Irish band ELM are a marvel of electro-pop hits and queer-positive imagery that holds a mirror up to society and challenges us to be better.  Since their debut in 2019 they’ve gone from height to height with a solid collection of songs, most recent of which ‘Golden‘ – a stunning electro-pop number that perfectly showcases their talents as a collective.  I jumped at the chance to have a chat with them and asked them a few questions about their art.

Hi, how are you today?

Good!  Another day in paradise, aye x

Tell me about your song, “Golden” and the concept behind the music video.

‘Golden’’s message is all about body positivity, loving you for you and owning your own skin.  We portrayed this in the music video by including all our own unique characteristics that make us who we are.  We wanted to celebrate the masculine, feminine and non-binary features by embodying famous artworks from across the centuries that aligned with each band member.

What was your experience like in putting the music video together?

Oh, it was such a beautiful experience as a whole.  We worked with Dublin’s most creative minds (H&G Creations and Collective) to put this together.  It was so inspiring and uplifting to have your true self celebrated in the way everyone involved wanted you to be seen.

There’s an inherent queer-positive image presented through your work, can you discuss the importance behind that and tell us a bit more about what that means to you?

We believe the queer community really encourages individualism and the concept of being your own unique self.  This is why Elm have so naturally gravitated into this community and strive to help its message reach as many ears as possible!

What are your plans for the future beyond this release?

Well, like so many artists with everything being on hold, we’re just getting ready to come back with a bang!  Taking the summer to be creative and delve deeper into the Elm universe and polish a few more bangers for you lovelies xx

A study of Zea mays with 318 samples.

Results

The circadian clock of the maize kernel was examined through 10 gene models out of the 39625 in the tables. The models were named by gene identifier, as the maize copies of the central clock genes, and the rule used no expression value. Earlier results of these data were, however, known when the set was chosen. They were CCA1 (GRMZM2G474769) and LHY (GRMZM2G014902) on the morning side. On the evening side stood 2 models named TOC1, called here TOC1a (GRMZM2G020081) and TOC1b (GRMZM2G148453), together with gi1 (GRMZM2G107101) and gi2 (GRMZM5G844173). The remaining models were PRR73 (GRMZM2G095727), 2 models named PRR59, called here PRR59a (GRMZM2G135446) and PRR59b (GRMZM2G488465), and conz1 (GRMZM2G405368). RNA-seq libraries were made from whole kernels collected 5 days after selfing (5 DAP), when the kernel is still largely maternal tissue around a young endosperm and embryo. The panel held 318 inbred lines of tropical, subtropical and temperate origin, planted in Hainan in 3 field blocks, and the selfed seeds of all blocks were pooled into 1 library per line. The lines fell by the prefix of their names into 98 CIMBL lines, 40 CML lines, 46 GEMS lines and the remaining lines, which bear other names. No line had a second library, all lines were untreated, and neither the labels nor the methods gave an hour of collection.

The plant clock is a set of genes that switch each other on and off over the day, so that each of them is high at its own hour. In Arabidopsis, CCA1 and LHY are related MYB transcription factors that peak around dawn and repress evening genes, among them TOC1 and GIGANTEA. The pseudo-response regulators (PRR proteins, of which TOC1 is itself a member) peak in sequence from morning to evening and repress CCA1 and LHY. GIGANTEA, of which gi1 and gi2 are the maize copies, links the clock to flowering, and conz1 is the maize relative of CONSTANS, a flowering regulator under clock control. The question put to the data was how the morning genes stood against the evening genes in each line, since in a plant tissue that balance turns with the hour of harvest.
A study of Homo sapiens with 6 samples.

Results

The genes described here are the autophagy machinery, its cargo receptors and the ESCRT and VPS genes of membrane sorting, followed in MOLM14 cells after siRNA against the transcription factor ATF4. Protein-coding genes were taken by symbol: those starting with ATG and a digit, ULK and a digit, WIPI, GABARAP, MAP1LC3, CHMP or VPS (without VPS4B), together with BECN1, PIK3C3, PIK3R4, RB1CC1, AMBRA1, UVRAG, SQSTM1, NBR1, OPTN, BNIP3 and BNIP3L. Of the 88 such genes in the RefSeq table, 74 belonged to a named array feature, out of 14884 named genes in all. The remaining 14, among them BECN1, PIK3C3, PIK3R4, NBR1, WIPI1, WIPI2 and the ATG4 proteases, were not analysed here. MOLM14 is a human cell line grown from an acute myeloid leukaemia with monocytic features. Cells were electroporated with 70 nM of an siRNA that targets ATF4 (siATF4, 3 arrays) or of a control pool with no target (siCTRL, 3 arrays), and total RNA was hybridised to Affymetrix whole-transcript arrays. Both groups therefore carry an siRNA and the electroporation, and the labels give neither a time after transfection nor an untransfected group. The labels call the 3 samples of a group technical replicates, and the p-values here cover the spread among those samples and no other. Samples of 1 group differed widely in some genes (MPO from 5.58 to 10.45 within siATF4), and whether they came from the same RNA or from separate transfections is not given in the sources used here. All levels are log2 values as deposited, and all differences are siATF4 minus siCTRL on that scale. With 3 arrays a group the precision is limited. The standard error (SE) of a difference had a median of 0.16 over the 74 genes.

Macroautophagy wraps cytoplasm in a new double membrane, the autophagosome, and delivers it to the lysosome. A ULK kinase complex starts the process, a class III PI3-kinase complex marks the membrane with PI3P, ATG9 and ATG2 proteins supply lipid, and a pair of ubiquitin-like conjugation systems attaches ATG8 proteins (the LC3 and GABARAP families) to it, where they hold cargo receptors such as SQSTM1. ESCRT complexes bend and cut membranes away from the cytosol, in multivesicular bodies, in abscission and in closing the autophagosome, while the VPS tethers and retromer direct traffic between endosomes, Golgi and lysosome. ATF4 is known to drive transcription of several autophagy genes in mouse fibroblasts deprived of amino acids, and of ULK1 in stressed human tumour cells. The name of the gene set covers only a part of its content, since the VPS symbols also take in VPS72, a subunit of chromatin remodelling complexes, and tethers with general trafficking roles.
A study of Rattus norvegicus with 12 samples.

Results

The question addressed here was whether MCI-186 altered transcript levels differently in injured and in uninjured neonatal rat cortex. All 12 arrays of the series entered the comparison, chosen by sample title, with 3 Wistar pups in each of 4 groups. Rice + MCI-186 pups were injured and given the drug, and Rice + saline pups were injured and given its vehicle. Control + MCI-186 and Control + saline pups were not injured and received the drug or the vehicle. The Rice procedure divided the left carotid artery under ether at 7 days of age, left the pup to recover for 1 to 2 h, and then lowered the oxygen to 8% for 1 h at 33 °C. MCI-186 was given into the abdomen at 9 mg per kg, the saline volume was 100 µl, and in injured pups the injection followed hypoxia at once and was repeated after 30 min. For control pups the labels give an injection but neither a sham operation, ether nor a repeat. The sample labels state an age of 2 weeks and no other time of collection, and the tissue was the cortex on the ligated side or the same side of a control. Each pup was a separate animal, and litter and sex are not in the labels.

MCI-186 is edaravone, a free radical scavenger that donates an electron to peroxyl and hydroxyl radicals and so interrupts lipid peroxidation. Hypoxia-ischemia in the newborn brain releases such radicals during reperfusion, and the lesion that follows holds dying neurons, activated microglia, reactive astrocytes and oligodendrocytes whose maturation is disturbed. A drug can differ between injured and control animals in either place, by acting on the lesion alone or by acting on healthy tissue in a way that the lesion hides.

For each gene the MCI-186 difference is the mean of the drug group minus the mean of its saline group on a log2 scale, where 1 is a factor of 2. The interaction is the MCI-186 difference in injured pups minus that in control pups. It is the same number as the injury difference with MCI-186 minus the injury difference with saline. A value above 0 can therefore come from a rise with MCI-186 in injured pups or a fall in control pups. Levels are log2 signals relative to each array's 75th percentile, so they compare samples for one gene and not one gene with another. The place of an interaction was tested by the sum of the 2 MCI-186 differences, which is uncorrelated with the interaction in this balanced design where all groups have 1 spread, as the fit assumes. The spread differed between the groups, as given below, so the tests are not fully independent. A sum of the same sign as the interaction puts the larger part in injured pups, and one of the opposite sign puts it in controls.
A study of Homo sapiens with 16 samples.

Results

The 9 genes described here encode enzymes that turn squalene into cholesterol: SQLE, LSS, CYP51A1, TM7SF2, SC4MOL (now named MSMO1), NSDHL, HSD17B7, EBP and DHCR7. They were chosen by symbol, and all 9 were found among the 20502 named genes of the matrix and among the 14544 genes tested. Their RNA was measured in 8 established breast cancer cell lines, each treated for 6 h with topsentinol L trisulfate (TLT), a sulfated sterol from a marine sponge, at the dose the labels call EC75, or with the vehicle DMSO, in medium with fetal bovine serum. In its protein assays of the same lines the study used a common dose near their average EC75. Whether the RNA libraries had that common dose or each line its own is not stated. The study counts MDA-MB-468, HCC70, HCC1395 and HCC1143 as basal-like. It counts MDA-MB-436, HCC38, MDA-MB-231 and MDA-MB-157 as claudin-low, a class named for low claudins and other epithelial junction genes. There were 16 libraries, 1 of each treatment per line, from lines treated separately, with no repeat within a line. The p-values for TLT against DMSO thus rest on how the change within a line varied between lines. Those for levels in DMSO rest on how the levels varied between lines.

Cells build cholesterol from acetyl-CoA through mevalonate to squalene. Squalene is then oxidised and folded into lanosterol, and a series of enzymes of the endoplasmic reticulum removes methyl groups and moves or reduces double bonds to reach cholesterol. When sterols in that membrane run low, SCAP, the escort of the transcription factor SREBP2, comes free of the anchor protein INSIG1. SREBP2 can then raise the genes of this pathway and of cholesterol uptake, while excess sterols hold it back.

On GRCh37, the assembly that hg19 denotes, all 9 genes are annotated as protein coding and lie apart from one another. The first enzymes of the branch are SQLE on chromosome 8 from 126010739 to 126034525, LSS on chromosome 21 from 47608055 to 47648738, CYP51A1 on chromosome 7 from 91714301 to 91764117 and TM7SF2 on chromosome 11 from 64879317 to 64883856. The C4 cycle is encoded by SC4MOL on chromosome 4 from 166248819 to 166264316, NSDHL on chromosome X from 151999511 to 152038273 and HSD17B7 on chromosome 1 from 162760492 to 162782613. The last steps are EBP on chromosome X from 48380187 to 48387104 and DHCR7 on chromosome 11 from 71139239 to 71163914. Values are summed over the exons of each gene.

What was the first song you ever wrote together?

Get ready to CRINGE!  It was called ‘Wandering Soul’ and it was an utterly quaint acoustic folk song we wrote at 16 years old.  Mumford & Sons eat your heart out VIBE.

What was it like?

“My heart will grow cold
It will rattle down my bones
But I will live to fill this wandering soul.”
P.S. It’s okay if you cried x

What’s your local music scene like?

Dublin’s music scene is a mad mix of anything and everything.  There is a great sense of artists supporting one another no matter what style or genre and pretty sure we have shared a pint with more artists on the Irish scene that we can recall!

How would you describe your music in five words?


Which artists do you admire?

Dylan is obsessed with rising UK act Georgia, as he says “she transports me to a dancefloor.” And that transportation is what music is all about right?  Dylan and Aidan were lucky enough to catch Georgia playing a headline London show right before lockdown and they treasure those dancefloor memories like a wee baby.

What would be your dream collaboration?

Get us into a room with Marina and life will be complete!!!!

What’s the best band/artist you have played with so far?

I think our latest tour with Brooke Candy was pretty special.  She was so lovely and her fans were CRAZY!  Because of the kooky European queers, we got the chance to play in some wild venues we would have never seen if not for them.  The highlight show may have been in Berghein, the infamous east block Berlin nightclub that is notoriously hard to get into, yet there we were, on the mainstage!

Who/What are you listening to right now?

Taking a whirl at the new Charli XCX album.

  1. Why is so much modern music so difficult to listen to? I’m listening and it’s clearly 100% down to the production of the music, but it’s also 100% down to the “song-writing” (was there any?!?!?!) and 150% down to the horrific vocal performance that is like nails down a chalkboard.? Yet this totals 250% not 100% so my calculations must feature a mistake? What was it?

  2. It’s the vocals for me most of the time. Remove the vocals from this and you have a perfectly acceptable bit of synthpop, but that voice renders it totally unlistenable.